Main Entry: scape·goat
Etymology: 1scape; intended as translation of Hebrew ʽazāzēl (probably name of a demon), as if ʽēz 'ōzēl goat that departs—Lev. 16:8 (Authorized Version)
First known use: 1530
1: a goat upon whose head are symbolically placed the sins of the people after which he is sent into the wilderness in the biblical ceremony for Yom Kippur, 2 a: one that bears the blame for others, b: one that is the object of irrational hostility
In the Old Testament, a goat that was symbolically burdened with the sins of the people and then killed on Yom Kippur to rid Jerusalem of its iniquities. Similar rituals were held elsewhere in the ancient world to transfer guilt or blame. In ancient Greece, human scapegoats were beaten and driven out of cities to mitigate calamities. In early Roman law, an innocent person was allowed to assume the penalty of another; Christianity reflects this notion in its belief that Jesus died to atone for the sins of humankind.
People have been scapegoating one another from the beginning of time—for as long as one person was able to point the finger at another--long before Merriam-Webster’s first known use. Though very destructive to the ethos of a community, scapegoating is actually a very common practice both in the church and our larger culture. Yet, it is so prevalent in our lifestyles and interactions, it can be difficult to realize and pinpoint. A few examples are worth highlighting to illustrate its commonality. When the stock market drops (like it regularly does), we blame the president. When we get a speeding ticket (the due consequence to exceeding the Speed Limit), we blame the police officer. When we fail to do our homework in a timely manner (because of procrastination), we blame technology for failing us (or resort to the cliché: “my dog ate it”). Scapegoating is an unfortunate part of our human sinfulness that stems from both our inability to take accountability for our personal failures and our anxious need to (poorly) answer away ambiguities in an attempt to make us feel better. When unimaginable, illogical things happen (whether to us or others), we blame God (or even sometimes the person in pain) for the horrible situation at hand.
A more recent, prevalent form of scapegoating (perhaps a 21st century phenomenon) encountered in the church is through discussion surrounding "the evil synod." For many, it has just become a regular practice to blame "the synod" when something is said or happens in the church that is counter to what they think or believe—immediately and ultimately nullifying all that "the synod" has ever done or will do from now on. Insurance premiums increasing--people blame the synod. A hopeful pastoral candidate is called to serve who ends up hurting a congregation--people blame the synod. A churchwide decision is made to open new possibilities for any congregations desiring--people blame the synod. (The list of reasons--no matter how absurd—goes on and on). We each are guilty of this--I as much as the next person—at one time or another. Don't get me wrong; there are things in which I disagree with the synod, and failures done (unintentionally) by particular synodical staff that hurt me, but such differences and failures do not warrant blame or irrational hostility. Differences and failures (which happen in ALL PLACES) are part of our human nature broken by sin and death.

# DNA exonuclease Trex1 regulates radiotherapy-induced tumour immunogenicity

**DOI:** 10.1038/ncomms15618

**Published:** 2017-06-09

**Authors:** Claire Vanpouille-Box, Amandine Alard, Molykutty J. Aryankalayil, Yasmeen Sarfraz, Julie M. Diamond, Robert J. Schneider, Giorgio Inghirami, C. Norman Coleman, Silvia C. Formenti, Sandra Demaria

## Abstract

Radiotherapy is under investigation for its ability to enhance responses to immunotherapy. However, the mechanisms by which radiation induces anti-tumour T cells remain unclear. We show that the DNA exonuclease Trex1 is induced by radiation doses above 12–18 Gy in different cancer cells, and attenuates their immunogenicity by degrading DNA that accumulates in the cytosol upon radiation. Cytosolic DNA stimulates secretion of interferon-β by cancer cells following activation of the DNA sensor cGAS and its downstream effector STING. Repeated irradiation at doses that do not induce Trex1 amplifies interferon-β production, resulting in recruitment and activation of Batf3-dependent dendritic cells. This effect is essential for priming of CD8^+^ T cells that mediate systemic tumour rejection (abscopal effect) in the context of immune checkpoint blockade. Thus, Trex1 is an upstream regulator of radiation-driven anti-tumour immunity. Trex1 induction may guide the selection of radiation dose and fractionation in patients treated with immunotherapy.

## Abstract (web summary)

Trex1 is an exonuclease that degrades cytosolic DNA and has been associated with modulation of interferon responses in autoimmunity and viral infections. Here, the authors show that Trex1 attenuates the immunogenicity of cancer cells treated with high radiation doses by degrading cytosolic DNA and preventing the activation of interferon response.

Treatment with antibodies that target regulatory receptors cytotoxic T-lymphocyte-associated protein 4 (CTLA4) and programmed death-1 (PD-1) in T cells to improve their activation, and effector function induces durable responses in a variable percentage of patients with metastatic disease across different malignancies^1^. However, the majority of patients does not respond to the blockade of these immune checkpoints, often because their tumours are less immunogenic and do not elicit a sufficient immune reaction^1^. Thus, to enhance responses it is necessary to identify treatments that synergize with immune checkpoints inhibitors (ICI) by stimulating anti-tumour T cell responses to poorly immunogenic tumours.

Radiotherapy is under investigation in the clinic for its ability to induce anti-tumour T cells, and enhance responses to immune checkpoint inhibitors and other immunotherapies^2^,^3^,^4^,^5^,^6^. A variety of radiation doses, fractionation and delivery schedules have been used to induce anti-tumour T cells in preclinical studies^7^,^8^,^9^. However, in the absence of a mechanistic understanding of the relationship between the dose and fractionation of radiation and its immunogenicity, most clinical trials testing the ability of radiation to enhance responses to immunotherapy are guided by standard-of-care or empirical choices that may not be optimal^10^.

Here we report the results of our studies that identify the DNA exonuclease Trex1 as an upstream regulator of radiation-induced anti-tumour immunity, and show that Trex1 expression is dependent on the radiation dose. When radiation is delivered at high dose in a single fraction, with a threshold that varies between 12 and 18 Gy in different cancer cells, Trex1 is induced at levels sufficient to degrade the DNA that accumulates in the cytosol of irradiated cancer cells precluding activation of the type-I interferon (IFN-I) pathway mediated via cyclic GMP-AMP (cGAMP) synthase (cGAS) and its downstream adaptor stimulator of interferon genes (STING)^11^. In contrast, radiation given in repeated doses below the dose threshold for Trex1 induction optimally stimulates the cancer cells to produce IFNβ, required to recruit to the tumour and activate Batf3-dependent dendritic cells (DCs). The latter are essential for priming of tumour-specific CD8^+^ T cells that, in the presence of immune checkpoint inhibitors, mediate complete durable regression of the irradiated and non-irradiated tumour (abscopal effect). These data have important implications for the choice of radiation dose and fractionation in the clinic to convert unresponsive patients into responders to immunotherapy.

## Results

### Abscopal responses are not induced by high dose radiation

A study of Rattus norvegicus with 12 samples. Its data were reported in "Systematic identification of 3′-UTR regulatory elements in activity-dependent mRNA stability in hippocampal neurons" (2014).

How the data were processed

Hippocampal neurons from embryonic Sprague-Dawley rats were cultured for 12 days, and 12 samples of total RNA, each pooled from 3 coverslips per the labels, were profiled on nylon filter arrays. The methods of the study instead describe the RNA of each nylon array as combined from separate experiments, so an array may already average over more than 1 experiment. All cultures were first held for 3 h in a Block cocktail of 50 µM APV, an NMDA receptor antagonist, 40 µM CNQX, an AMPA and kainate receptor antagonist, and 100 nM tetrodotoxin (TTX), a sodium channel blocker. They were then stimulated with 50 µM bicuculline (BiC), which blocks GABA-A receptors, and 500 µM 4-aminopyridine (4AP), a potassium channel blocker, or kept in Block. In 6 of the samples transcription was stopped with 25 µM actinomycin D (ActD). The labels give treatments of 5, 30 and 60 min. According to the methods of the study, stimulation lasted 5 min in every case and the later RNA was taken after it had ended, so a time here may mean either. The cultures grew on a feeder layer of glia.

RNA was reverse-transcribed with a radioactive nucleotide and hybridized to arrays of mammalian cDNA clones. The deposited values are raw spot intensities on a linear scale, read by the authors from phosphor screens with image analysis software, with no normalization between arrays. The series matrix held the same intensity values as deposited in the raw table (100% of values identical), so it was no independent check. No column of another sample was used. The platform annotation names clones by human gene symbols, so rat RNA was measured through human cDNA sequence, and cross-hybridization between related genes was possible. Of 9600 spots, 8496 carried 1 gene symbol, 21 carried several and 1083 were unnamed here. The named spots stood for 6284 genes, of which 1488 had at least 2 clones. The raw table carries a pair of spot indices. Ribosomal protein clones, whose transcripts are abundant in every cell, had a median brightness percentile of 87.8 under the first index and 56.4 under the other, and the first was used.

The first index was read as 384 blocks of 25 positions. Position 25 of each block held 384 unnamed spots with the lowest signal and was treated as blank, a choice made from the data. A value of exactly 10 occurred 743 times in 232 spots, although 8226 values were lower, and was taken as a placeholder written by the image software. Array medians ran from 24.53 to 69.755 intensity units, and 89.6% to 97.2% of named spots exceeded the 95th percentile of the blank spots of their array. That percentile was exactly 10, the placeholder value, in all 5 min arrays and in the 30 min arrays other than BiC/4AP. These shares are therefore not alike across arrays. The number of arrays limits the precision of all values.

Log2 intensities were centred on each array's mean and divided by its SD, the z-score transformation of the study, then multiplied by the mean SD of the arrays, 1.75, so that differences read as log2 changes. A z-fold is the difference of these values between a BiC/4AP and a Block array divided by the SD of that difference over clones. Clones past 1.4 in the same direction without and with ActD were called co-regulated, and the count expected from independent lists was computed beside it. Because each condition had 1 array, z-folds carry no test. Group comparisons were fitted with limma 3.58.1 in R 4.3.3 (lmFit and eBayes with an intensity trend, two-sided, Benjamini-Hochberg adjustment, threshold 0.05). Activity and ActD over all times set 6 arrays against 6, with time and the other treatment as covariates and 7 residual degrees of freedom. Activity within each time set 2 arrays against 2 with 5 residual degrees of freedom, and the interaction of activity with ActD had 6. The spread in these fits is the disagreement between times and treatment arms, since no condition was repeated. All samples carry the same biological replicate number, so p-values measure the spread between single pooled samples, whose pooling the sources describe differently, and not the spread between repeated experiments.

There is no need to treat the synod--called and equipped to help and guide its individual congregations and leaders in mission and ministry--as if it were a goat receiving the sins of the whole state, sent out, and killed to rid us of our wrongdoings. Jesus has already served in atoning all people (the synod included) of our entire sins. God incarnate in Christ was the ultimate scapegoat--not the “evil synod.” When we lose sight of this and seek to blame others, we forget that Christ died for you and me, and in turn, we cast God’s gifts of grace and forgiveness to the side in search for a blood offering.
The "evil synod," despite what some (misinformed people) might believe, actually does many good things in supporting the ministries of local congregations and furthering additional work on larger regional and global scales. There is simply not enough time to write out all of the synodically-supported ministries, nor room on my blog to explain each in due detail. I (and I would imagine synod staff, themselves), however, welcome any and all opportunities to answer questions and discuss some of the many things “the synod” does to help serve all God’s people locally, nationally, and globally. In a church where decisions are made, dollars designated, and lines drawn—all as part of making one’s individual dissatisfaction public through religious scapegoating; instead of forcing an answer, I want to conclude this discussion with a question:
How do we, the church—a community who bears the name of the One who became the ultimate scapegoat for our sake—move away from contributing to such hateful and harmful blaming, to a place of accountability, offering forgiveness and love to ALL OTHERS (including the synod)?